New Jersey law requires all drivers to have insurance on their motor vehicles. At minimum, a driver must have the following insurance coverage:
- $15,000 for the injury or death of a person
- $30,000 for the injury or death of more than one person
- $5,000 for property damage.
The penalties for driving without insurance in NJ are severe. For a first-time violation of N.J.S.A. 39:6B-2 (driving without liability insurance), one can be fined between $300 and $1,000, as well as community service, and a mandatory license suspension, among others. Those who have been accused of driving without auto insurance in New Jersey should hire an attorney to fight the charge and avoid the worst possible consequences.
Penalties for Driving Without Insurance in NJ
- Fines: A driver who operates an uninsured vehicle must pay a fine of at least $300 and no more than $1,000. For subsequent convictions, one can face a fine of up to $5,000.
- Surcharge: In addition to the fine, a person will be required to pay a surcharge of $750 ($250 per year for 3 years) to the NJ Motor Vehicle Commission for driving without insurance.
- Points: A first offense of driving without insurance carries no points. Second or repeat offenders will be assessed 9 insurance eligibility points. This can make it very difficult for a person to acquire auto insurance, and if he/she can, it is usually very expensive.
- Community Service: A judge can also choose to sentence a person to community service upon conviction for driving without auto insurance.
- Driver’s License Suspension: Driving without auto insurance can result in a license suspension of at least 1 year or 2 years for a second offense.
- Jail Time: A second offense of driving without auto insurance carries a mandatory jail term of 14 days.
Should I Hire an Attorney if I’m Being Charged with Driving Without Insurance?
Proving that a person’s auto insurance coverage has not lapsed seems like it should be easy enough to do without the help of an attorney, but this is not always the case. Many drivers are charged with driving without auto insurance because they are unaware that the policy lapsed, and proving that one had no way of knowing this is far from simple.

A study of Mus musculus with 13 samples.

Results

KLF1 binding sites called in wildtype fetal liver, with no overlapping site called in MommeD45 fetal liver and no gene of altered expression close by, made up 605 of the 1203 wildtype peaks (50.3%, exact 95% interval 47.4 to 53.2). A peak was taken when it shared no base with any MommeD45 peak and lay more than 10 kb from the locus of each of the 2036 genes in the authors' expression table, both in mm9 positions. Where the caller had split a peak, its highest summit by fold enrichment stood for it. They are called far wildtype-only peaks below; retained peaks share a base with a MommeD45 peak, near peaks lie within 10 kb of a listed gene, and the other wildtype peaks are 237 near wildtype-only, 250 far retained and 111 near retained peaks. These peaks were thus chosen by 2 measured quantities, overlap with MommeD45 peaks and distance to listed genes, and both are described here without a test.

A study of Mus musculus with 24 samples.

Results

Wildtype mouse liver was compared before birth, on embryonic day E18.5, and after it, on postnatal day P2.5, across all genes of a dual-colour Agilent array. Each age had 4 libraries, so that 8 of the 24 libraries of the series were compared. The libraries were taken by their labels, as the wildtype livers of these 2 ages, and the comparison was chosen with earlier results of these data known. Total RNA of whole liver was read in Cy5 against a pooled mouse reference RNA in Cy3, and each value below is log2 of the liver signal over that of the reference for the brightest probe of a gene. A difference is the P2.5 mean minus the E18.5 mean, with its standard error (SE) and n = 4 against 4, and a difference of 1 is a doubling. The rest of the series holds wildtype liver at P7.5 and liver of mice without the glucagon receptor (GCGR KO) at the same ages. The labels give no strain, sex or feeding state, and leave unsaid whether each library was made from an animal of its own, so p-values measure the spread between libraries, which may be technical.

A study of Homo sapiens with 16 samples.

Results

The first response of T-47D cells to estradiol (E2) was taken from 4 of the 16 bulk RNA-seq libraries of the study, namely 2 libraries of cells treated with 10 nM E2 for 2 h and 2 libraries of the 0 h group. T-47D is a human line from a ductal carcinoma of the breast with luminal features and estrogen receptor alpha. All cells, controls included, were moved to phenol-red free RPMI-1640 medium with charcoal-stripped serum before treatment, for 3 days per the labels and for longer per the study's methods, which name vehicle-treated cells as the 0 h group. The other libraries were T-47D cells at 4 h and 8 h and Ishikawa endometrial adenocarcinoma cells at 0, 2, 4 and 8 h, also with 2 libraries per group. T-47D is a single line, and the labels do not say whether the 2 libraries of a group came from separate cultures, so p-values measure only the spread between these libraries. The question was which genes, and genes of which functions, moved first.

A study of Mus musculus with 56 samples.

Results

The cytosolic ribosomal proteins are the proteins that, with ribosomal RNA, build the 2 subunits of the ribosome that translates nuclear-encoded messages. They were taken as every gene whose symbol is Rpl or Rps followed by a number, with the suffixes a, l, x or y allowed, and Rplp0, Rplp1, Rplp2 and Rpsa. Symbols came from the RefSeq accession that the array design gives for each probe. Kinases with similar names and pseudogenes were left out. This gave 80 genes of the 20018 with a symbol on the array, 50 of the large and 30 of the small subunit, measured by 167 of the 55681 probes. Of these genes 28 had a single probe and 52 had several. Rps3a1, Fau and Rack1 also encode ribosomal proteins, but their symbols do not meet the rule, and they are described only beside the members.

Defenses to Driving Without Auto Insurance in NJ
There are several ways to defend oneself against a charge of driving without insurance in NJ. Which defense will work depends on the facts of the case. It is always best to consult with an attorney, who will have the skills and ability to assess the situation to determine the defense that is most likely to succeed based on the facts.
- Insurance coverage had not lapsed. If the driver can provide evidence that coverage had been continuous throughout the time period in question, it could potentially get the ticket dismissed. This would include proof of another auto insurance policy other than the one that is alleged to have lapsed.
- Using a borrowed vehicle. A driver is not liable for a lack of coverage on a vehicle he/she does not own. Note that this will shift the legal onus to the actual owner of the vehicle, who may be charged instead.
- The vehicle in question was not being operated. This may be difficult to claim if the vehicle is found to be anywhere other than a private driveway.
- The insurance company didn’t provide notice of cancelation. This is one of the more complicated defenses to prove. Insurance companies are required by law to inform drivers that a policy cancellation is imminent and, once the policy is canceled, that it is no longer in effect. However, if the driver can provide a reasonable explanation for why he/she may not have received such notices, this defense can work (see below).
The judge in State v. Hochman, 188 N.J. Super. 382 reversed a conviction for driving without insurance after the prosecution failed to prove that the driver was adequately informed that insurance was lawfully canceled. In this case, the insurance company had mailed the cancellation notice to an incorrect address of (313 Park Street rather than 314 Park Street). Therefore, the judge ruled that proof of mailing the notice was not conclusive.
In an earlier case, Matland v. United Services Automobile Association, 174 N.J. Super. 499, the defendant’s husband had canceled the policy without telling his wife, the defendant. The court held that the cancellation was void as the notice had been sent to the husband but not the wife, who had left the marital home and was the registered owner of the vehicle she was operating. The husband failed to inform the insurance company that the defendant no longer resided in the home, so notice of cancellation was not sent to her new address.
Out-of-State Drivers Without Insurance
New Jersey police can potentially tell if a driver from out of state is not properly insured. There are several ways an officer can determine this. One is if the driver’s home state allows law enforcement to access a database of uninsured vehicles (not all states provide this access). The only other way is for the officer to call a 1-800 number on the driver’s insurance card to determine if the policy is current. This is time-consuming so the officer will rarely do this unless he/she has a good reason to suspect that the driver is uninsured.
Frequently Asked Questions
Who Should I Contact?
If you or a loved one has been ticketed for driving without auto insurance or for any other serious traffic offense in New Jersey, contact an attorney for help. The lawyers at Rosenblum Law have many years of experience fighting traffic tickets, negotiating with prosecutors, and getting the best possible results for our clients. Email Rosenblum Law or call 888-815-3694 today for a free consultation about your case.